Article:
THE ENGINEER'S TALE
A MODERN ADAPTATION OF THE SEAMAN'S TALE FROM CHAUCER'S CANTERBURY TALES
There was a taxi driver named
"I would," his friend Ramon at last broke in,
As she had expected, "were I him.
How much does that bag cost?" "Not much," she said.
"A thousand. It's a steal." He clutched his head.
"A thousand! I don't have that much! I would,
Believe me, give it gladly if I could.
For I have loved you from the moment I
First saw you in the glint in Miguel's eye
When he told me about you. And since then
I've wanted you without a word. But when
You just revealed your feelings, I felt free
At last to tell you what you mean to me."
"Oh, Ramon, my darling, never fear!"
She said. "I have a plan, as you shall hear.
We shall get my stingy husband to
Cough up the money for my bag, while you
Get everything you want -- and more -- today!
If you do precisely as I say."
That afternoon Ramon called up his friend
And asked him for a short-term loan, to tend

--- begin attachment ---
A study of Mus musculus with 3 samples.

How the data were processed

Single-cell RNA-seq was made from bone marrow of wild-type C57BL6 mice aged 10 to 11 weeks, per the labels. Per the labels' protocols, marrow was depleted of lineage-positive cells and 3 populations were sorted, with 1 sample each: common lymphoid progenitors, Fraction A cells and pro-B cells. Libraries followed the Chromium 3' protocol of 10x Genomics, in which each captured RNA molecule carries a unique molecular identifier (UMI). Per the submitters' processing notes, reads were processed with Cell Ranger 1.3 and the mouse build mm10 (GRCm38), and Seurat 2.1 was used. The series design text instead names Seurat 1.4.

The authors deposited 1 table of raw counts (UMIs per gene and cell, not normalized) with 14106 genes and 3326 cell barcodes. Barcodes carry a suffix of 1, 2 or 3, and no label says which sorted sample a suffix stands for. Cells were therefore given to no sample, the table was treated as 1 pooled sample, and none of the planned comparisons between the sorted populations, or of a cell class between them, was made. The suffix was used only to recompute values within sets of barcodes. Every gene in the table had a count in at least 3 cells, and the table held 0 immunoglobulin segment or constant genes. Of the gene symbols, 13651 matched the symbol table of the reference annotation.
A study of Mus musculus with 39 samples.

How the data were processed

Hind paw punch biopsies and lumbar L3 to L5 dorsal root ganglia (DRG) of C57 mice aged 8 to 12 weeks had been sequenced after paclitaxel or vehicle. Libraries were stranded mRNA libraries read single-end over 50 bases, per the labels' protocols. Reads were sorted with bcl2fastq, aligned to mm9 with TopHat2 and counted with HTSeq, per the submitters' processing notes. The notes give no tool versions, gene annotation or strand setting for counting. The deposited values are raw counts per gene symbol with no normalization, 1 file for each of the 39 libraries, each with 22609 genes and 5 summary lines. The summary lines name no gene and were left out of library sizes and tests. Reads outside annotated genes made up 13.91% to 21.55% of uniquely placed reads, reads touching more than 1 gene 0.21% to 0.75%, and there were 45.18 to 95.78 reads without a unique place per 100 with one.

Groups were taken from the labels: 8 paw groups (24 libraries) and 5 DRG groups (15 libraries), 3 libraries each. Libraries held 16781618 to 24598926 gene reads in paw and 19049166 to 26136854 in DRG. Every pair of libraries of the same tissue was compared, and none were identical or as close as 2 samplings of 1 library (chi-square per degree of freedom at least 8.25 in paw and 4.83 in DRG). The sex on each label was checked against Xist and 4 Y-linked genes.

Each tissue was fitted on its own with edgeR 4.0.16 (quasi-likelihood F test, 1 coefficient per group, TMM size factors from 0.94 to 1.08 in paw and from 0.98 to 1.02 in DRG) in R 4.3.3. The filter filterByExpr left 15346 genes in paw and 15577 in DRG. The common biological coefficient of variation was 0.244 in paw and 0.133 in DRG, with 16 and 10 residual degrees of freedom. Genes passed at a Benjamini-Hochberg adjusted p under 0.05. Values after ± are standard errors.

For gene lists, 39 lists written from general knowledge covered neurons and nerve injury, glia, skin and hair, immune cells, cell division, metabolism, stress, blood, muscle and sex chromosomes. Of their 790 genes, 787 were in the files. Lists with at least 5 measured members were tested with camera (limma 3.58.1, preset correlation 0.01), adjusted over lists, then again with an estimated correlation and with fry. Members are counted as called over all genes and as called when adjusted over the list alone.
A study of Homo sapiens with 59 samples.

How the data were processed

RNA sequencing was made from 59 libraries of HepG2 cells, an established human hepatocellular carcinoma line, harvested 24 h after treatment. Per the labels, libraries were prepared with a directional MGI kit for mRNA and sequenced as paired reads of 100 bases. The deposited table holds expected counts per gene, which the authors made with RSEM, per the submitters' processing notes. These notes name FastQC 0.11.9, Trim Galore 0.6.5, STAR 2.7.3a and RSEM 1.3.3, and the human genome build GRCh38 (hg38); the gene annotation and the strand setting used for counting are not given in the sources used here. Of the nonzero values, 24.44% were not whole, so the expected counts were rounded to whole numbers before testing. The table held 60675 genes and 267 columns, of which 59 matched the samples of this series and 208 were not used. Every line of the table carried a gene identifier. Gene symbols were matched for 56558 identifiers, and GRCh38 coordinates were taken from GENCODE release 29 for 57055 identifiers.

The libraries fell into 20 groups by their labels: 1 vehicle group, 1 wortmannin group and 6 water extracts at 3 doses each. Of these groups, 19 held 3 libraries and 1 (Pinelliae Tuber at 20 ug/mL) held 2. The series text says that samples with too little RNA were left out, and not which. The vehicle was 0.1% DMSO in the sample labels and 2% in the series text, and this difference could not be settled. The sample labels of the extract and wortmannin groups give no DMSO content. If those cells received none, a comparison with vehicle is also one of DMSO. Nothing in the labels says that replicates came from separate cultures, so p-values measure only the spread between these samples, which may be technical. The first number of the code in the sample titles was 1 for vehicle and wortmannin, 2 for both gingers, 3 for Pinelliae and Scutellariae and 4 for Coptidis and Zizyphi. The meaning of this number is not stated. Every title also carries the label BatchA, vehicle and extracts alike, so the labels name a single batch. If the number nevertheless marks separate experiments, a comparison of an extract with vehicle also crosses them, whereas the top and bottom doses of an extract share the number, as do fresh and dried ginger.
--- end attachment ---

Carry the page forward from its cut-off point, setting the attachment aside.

To an investment for which cash was due.
"How much?" Miguel asked. "A grand. Too much for you?"
"When can I have it back?" "Just till tomorrow."
And so Miguel allowed his friend to borrow
A thousand dollars from his cash reserve,
As true friends ever one another serve.
Straight from Miguel, Ramon went to deliver
The cash to Mary Lou, who gave the giver
All he could desire, and more than he
Had dreamed of in his wildest fantasy.
Then off she went back to the Prada store
To buy the bag that she was lusting for.
The next day Miguel inquired of his friend
About the loan. When did he intend
To pay it back? "I gave it to your wife,"
He said. "This morning. I swear upon my life!"
"I believe you," Miguel replied. "But she
Said nothing of this interchange to me."
Ramon shrugged, so Miguel said nothing more,
But waited till they went to bed before
He asked his lovely wife whether she
Had gotten from Ramon the money he
Had lent him just the day before. "Oh, yes!"
She said. "And guess what I got -- you'll never guess!"
She hopped right out of bed, turned on the light,
As if assuming mutual delight,
And took out the Prada bag, a treasure
So beautiful it must give equal pleasure
To both of them. "It was a steal!" she said.
"I knew you wouldn't mind!" Then back to bed
She leapt. "Oh, thank you, thank you, thank you!" she
Cried out, smothering him with kisses, while he
Just lay there, hapless, helpless, hopeless, numb
To love and lust alike, thinking how dumb
He was, and how many miles he'd have to drive
To pay for this, and how he must deprive
Himself of little things he might enjoy,
While she, laboring to his member buoy,
Plied his body with exquisite art,
Engaging every morsel but the heart.